The French Revolution almost took her life but Marie Grosholtz was given one chance to prove her allegiance to the Revolution. She was released from the tiny prison cell she shared with her mother and put to work making death masks of the aristocracy that had been beheaded in front of her.
Marie watched as her King and Queen were beheaded, the rulers that she loved and once worked for. Each head was removed from the basket and held aloft for the crowd to whoop and jeer at. The heads were bundled roughly in dirty rags and tossed to Marie to take back to her workshop. She caught both heads but dropped the Queen. Her Majesty’s head rolled across the Guillotine floor, catching on the nose as it did. The crowd cheered and roared as the head came to rest on one cheek, half open lids covering dull eyes. Marie snatched up the head, wrapped it once more and rushed off with both heads in her basket.
Back at her workshop, Marie removed the heads from her basket and placed them gently, side by side, on her bench. She unwrapped each in turn, showing the royal pair more respect than they had received in life for some time. She took the King’s head and washed it with light strokes of a soft cloth, until all traces of blood and matter were gone. Had it not been for the shaven head and puffy lidded eyes, he could have been sleeping. Then she turned to the Queen and did the same, pinching the cheeks once she had finished to give at least an illusion of good health.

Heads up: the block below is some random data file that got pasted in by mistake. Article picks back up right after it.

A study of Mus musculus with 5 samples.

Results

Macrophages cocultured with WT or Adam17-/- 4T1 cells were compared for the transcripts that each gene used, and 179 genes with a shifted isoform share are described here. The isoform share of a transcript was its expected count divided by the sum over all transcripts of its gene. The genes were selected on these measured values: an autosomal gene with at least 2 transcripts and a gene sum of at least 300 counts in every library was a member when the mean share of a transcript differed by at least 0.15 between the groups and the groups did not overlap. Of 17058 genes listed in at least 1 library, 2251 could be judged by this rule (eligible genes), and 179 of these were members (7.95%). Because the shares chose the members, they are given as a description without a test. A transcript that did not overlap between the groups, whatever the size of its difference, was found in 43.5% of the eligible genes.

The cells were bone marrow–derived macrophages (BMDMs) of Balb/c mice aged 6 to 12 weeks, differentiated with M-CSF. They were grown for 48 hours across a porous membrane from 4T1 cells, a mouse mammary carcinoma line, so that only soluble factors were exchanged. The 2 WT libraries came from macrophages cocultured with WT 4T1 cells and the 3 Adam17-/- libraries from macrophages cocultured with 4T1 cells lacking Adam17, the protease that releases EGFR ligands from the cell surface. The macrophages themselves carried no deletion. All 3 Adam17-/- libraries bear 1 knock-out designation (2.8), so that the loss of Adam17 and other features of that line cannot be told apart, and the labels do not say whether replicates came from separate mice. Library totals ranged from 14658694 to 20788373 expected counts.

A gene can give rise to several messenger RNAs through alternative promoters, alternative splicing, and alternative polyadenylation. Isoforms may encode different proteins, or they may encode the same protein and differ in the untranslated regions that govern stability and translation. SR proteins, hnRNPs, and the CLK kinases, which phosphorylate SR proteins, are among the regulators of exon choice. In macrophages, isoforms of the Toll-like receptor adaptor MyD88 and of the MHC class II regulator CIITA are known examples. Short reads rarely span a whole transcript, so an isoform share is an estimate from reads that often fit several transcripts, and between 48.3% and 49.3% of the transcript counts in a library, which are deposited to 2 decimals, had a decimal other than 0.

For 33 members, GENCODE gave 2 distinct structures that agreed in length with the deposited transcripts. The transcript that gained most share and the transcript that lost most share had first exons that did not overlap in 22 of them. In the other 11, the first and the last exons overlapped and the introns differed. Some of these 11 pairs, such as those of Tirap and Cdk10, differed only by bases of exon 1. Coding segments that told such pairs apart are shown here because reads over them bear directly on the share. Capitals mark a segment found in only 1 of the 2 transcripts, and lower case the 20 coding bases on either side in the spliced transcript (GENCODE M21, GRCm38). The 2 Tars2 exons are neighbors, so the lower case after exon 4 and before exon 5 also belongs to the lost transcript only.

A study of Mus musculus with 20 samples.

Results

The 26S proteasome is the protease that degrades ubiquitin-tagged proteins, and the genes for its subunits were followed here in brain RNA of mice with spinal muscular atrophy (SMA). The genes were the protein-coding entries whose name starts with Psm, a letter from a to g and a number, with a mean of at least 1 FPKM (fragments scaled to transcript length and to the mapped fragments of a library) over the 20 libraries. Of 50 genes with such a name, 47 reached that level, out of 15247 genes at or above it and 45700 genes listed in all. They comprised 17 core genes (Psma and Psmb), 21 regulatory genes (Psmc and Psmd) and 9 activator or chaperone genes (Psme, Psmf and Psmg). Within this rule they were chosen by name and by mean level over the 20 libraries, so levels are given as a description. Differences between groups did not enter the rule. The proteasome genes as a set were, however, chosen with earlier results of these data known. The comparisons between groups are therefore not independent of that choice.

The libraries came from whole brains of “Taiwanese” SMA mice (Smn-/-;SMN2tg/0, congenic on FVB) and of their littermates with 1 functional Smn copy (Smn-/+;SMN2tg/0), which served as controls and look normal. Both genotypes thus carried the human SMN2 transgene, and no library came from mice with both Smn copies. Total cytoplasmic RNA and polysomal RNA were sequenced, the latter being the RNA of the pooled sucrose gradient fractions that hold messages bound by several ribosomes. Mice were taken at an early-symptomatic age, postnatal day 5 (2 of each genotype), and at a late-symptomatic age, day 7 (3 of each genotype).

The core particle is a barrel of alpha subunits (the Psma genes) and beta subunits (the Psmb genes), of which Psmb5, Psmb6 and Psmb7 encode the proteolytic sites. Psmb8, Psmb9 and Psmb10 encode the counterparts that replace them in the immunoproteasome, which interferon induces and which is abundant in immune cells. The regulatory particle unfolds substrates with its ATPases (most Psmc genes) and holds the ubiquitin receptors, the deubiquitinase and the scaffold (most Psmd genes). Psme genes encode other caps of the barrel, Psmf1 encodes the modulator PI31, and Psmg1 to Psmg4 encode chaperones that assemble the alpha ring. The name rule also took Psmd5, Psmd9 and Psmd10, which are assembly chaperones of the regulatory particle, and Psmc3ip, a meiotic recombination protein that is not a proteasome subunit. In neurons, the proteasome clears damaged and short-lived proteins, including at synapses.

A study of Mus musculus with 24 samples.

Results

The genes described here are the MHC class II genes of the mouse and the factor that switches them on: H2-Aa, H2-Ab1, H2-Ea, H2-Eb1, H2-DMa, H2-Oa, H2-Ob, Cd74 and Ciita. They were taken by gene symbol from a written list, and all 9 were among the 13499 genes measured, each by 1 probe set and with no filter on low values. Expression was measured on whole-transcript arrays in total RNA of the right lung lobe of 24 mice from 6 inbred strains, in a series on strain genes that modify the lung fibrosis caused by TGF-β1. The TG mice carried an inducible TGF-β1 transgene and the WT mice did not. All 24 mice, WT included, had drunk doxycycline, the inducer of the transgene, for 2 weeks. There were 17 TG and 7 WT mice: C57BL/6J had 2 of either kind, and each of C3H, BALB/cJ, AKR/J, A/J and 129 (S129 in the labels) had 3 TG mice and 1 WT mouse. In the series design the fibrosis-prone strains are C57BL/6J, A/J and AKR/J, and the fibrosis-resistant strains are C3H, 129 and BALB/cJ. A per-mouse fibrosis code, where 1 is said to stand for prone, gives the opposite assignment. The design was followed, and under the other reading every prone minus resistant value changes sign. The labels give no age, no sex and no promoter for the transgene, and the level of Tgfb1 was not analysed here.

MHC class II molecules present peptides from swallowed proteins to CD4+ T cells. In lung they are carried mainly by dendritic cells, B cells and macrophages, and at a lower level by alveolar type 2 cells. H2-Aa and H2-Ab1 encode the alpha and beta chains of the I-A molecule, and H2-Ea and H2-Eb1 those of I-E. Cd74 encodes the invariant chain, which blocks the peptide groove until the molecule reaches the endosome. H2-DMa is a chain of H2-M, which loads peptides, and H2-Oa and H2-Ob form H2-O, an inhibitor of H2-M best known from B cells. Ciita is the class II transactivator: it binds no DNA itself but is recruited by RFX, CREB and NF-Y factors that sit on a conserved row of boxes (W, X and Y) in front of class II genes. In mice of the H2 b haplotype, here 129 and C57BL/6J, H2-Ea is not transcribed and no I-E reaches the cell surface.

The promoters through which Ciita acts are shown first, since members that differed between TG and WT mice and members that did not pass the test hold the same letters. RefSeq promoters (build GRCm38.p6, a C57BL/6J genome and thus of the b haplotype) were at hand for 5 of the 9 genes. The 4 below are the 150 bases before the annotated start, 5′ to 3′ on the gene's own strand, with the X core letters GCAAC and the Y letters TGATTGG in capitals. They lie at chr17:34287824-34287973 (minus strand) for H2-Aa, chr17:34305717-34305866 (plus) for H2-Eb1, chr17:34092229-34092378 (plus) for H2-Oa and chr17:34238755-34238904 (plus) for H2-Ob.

Placing the husband and wife beside each other in death as they would have been in life, she gave a deep curtsey in front of them.
Over the next few days Marie worked for many hours to reproduce the most faithful likenesses that she could. She swore to their Highnesses that she would produce her finest work and restore them to their living glory in their death. Unlike many death masks, Marie did not simply make plaster casts of the heads, but made wax meads from the casts. She decorated the wax with delicate colours and flowing hair then mounted each head on a base for stability.
Proud of her work she displayed it for all Paris to see and Marie was greeted with delight. So easily they could have said she was still loyal to the monarchy and condemned her to beheading as well. But she became their darling and her work was more and more in demand.
Before long Marie would be found hunting through the debris of the Guillotine victims for each day, hunting out the most famous and the most prestigious heads, from which to make her famous wax copies.